Micah Mason dribbles past a defender in the Dukes' exhibition win over Urbana. (Photo Courtesy of Duquesne Athletics).
Micah Mason is known nationwide as a sharpshooter behind the arc, taking the country by storm during the 2013-14 season leading the entire NCAA in 3-point percentage.
However, though Mason enters his senior season as the second most accurate 3-point shooter in NCAA history at .492, Mason is focused on something else – bringing a culture of winning back to the program.
“The main thing I want to do here is win. We haven’t really done that yet,” Mason said. “So obviously [the record] is something I look forward to maybe beating, but I try not to focus on that because then I wouldn’t be focused on my team. It would be more of an individual season and that’s not what I’m about. I want to win.”
He has developed in his time at Duquesne from simply a 3-point shooter to now more of a playmaker that has the ability to drastically impact the outcome of the game. Mason has averaged 11.8 points, 3.46 rebounds, 2.9 assists, and 1.0 steals per game. His two most noteworthy statistics however are his 3-point shooting percentage (.489) and assist to turnover ratio (3-to-1) in which he ranks near the top in the entire country.
His prolific shooting began back in high school when he played for the Highlands Golden Rams, and finished his career ranked 12th on the WPIAL all-time scoring list with 2,272 points. Named All-State in both his junior and senior seasons, averaging 33.3 and 28.7 points per game respectively, Mason was the first player in over 30 years to lead the WPIAL in scoring in back to back seasons. Mason displayed his incredible shooting abilities in a 64-point performance against a rival team in which he was 7-7 from 3-point range and 17-19 shooting overall.
From Highlands, Mason originally took his talents to Drake University, but he later made the switch to Duquesne where has enjoyed quite a bit of success and has found that family environment that he desired.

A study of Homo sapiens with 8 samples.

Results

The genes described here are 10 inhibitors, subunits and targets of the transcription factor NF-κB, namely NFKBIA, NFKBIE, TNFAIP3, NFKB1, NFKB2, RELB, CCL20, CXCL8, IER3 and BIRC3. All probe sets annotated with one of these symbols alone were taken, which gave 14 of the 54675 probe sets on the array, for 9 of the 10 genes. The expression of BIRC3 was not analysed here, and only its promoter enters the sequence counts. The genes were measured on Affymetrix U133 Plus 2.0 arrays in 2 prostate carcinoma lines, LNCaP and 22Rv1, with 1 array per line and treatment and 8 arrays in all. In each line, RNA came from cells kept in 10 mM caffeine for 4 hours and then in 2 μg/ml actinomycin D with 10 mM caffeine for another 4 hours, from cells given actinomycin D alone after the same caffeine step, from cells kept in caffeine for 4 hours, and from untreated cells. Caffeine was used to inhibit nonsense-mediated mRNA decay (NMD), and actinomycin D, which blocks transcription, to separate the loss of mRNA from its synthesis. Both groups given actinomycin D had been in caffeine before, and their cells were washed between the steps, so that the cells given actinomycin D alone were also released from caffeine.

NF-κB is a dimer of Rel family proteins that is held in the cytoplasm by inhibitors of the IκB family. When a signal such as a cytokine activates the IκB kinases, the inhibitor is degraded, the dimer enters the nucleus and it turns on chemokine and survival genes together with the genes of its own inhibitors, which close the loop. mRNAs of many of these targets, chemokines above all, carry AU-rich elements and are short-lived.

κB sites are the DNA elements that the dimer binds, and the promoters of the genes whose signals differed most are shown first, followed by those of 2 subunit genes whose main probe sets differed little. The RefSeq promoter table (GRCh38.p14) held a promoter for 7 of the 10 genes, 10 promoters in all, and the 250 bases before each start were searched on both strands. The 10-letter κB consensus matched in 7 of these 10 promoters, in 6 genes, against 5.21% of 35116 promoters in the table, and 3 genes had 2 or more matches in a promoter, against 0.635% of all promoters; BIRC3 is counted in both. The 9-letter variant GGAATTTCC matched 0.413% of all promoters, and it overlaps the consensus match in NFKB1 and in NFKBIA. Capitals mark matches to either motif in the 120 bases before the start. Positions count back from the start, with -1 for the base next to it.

“Drake was an awesome school,” Mason said. “I just felt like I wanted to be closer to home. I felt like coming home would be the best option for me.”
Mason expressed just how much he loves being a part of this program. He has found a new home here at Duquesne and enjoys being immersed in a family-like atmosphere both on and off the hardwood.
“[I enjoy] just being a part of a family outside of basketball,” Mason said. “Even like when [Derrick Colter] and coach [John] Rhodes came down with cancer, just the family feel that we have here is just different to me, and I’ve been on a lot of teams.”
Mason acknowledged how much it means to him to have his family at all of his games rooting him on and the rewarding experience of playing near his hometown of Natrona Heights, PA.
One of those family members rooting him on is his father, whom Mason considers the most influential person on his success.
“He put a basketball in my hand at a young age and then I fell in love with the game myself, but he has always been there. He is my mentor and he has helped with my shot and every part of my game.”
His father encouraged him from a young age to always set goals for himself and he took those words of advice to heart. Mason has been setting goals all his life and one by one they are coming to fruition.
Speaking of goals, Mason has some big goals for Duquesne basketball this upcoming season.
“We really just want to be in the run to be at the top of the A-10 and make the NCAA tournament and that’s what we’re working for.”